A Measured Response
A 44-year-old Zimbabwe writer
As a father of two children, an 8-year old boy a 3-year old girl, I read a lot of stories from media about children being bullied and in the worst case scenario driven to suicide. These stories make me reflect on how my children would react when being bullied. At home I encourage my children to share whether they have experienced bullying when they interact with other children at or outside school. However, if I was to learn that my child is being bullied, the first reaction would be to get angry at the bully and their parents. I have seen many aggrieved parents angrily confront the parents of a bully. However, instead of resolving the problem, this approach usually ends up worsening the situation.
I would therefore let the natural anger subside and then attempt to get more details from my child on the types of bullying they were facing, such as physical assault, verbal abuse or having their possessions forcibly taken by the bully. With this knowledge, I would take three steps in attempting to stop the bullying. The first would be to teach my child to stand up to the bully. In doing this, I would not want my child to get involved in physical fights with the bully, but learn that they also have the power to say no to the bully. The second would be to advise my child to always report any case of bullying to their teacher if it is at school and to us, the parents, at home.
Lastly, I would probably seek to constructively engage the parents of the bullying child personally or through the efforts of the school administration. This is not an easy task because it is natural for a parent to get angry after learning that their child is being bullied; it is also natural for a parent to come to the defense of their child when accused of bullying. It is therefore important that the engagement process be guided by reason and not emotions.
Communication Is Key
A 36-year-old college teacher
My daughter is 4 years old and has not yet experienced bullying. But considering the great harm school bullying may bring to children, it's never too early to talk about it and teach her how to protect herself. The first thing I would do is to encourage her to inform me immediately in the event that she is bullied or hurt at school. This creates a comfortable environment where she can tell me everything taking place in school, especially something she thinks is wrong. Through conversation, I can identify what type of bullying may occur and find solutions with her together.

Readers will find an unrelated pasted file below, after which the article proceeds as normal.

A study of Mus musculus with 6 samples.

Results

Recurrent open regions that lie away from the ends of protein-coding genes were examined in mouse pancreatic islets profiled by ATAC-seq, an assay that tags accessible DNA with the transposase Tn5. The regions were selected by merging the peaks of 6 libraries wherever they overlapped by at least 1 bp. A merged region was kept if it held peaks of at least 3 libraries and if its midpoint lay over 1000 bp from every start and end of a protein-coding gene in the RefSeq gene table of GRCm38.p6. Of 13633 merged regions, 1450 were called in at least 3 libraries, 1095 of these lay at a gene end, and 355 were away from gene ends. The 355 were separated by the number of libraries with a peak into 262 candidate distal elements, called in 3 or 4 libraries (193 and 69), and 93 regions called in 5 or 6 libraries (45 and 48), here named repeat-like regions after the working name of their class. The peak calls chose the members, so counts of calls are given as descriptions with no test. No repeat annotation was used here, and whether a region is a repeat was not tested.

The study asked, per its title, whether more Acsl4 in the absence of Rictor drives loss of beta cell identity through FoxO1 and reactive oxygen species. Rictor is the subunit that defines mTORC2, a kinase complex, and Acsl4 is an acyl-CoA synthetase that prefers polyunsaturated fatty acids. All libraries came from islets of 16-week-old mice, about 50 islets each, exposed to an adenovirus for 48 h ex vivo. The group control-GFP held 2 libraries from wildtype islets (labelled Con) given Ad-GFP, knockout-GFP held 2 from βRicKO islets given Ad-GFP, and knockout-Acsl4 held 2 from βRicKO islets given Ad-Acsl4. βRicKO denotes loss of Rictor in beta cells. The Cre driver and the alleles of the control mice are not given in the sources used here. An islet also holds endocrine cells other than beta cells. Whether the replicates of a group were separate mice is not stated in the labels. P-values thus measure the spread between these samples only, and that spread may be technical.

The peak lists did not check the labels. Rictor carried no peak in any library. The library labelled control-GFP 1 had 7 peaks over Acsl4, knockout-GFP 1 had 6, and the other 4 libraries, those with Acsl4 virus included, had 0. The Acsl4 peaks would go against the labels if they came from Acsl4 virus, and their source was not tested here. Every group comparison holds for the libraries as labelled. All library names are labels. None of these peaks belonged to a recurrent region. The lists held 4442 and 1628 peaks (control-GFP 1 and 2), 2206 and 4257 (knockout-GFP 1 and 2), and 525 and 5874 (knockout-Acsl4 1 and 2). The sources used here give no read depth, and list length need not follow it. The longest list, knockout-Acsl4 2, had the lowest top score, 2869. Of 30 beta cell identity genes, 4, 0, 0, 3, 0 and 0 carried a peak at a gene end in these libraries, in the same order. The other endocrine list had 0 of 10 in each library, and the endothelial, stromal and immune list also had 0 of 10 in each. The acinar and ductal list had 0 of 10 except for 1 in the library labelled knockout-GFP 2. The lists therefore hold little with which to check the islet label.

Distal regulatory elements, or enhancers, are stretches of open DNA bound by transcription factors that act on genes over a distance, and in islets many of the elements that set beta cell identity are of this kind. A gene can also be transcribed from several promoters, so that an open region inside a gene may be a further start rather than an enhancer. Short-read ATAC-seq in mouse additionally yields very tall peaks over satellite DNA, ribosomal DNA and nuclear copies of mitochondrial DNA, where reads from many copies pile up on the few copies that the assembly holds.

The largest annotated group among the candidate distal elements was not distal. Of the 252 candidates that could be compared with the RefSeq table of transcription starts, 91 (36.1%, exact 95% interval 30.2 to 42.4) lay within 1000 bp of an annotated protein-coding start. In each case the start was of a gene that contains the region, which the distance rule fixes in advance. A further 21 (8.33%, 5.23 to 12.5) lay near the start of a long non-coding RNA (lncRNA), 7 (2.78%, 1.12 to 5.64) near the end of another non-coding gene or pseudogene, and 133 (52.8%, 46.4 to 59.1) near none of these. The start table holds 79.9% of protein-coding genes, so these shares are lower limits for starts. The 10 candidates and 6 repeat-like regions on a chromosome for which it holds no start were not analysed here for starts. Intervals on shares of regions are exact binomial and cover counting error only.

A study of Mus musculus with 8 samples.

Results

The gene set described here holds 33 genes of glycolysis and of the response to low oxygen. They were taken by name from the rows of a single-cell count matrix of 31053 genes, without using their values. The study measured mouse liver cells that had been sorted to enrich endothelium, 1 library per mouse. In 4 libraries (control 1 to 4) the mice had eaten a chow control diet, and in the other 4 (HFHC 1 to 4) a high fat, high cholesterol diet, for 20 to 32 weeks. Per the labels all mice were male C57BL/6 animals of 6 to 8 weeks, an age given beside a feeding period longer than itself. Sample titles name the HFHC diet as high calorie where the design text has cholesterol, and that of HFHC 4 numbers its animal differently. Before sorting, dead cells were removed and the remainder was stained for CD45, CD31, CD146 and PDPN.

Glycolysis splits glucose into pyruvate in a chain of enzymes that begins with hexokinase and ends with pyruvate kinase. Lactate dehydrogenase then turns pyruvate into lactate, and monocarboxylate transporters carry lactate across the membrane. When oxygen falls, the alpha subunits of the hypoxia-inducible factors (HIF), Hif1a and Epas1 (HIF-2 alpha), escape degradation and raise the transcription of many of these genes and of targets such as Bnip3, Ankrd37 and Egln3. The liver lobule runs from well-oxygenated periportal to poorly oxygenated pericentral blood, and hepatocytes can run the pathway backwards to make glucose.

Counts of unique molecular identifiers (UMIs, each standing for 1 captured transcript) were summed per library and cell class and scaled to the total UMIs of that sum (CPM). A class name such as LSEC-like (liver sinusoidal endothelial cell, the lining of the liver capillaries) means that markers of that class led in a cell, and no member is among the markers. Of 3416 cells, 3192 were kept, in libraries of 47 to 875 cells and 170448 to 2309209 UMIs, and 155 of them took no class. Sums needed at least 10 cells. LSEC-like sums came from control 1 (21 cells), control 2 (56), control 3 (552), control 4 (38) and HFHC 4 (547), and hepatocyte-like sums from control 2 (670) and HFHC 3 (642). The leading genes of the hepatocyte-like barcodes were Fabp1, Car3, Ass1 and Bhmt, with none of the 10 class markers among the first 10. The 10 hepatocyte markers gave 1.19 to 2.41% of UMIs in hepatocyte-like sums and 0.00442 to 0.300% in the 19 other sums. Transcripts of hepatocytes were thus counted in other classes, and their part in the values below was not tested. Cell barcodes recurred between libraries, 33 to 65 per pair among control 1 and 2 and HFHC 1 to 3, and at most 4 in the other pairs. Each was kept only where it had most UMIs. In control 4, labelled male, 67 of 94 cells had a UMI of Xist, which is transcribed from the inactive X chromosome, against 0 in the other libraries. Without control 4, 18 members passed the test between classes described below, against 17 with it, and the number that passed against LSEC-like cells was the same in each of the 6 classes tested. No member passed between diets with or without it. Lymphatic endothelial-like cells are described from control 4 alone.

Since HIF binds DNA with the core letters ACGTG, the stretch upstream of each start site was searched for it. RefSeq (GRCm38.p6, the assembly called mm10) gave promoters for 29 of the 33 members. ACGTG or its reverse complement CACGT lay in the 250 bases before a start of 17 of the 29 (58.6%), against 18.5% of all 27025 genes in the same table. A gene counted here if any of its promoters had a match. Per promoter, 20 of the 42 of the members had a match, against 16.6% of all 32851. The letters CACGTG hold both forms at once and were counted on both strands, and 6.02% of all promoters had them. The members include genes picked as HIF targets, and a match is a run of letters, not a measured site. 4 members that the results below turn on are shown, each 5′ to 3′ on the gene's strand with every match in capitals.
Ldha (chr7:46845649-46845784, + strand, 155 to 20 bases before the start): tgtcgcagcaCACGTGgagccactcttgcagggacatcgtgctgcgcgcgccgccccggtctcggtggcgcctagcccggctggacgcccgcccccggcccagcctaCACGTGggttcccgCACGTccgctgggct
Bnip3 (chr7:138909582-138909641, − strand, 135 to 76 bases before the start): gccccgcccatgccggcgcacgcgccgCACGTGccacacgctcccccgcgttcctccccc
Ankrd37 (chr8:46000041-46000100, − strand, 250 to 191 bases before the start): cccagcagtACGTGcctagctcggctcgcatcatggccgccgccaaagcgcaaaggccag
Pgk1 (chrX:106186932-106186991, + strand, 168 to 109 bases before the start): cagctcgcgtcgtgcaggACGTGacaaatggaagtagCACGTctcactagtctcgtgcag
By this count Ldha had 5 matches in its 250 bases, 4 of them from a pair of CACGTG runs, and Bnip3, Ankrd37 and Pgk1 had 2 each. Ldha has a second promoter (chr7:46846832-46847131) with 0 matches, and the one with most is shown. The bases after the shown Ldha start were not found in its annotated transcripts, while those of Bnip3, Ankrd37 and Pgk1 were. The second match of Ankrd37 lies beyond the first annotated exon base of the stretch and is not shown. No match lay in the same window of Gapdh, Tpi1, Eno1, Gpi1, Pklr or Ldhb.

If she informs me that she has been physically hurt by her classmates, my reaction would be to contact the head teacher to get more details. I would also assure my child that her safety and well-being really matter, and that we, the parents, and her teachers would help her in case of need. The bully should be educated by the school and his or her parents, and I would request an apology if necessary.
I would also encourage my girl to face the bully, and teach her to tell the bully to stop bullying. For example, she may say something like, "Leave me alone," "I'm going to tell your mother/teacher," or "Don't do that." Also, I would encourage her to assist her friends or other classmates if they were bullied. Some help from others can make a great difference and may stop bullying. Lastly, I would counsel the victim of bullying so that they will not become a bully. In this case, family education is crucial in teaching children to respect others. Through daily behavior of parents, a child can learn that everyone deserves to be treated well, including how to thank teachers, praise friends, and showing kindness to store employees. Fostering children's confidence and independence is the best protection parents can offer to protect their children from school bullying.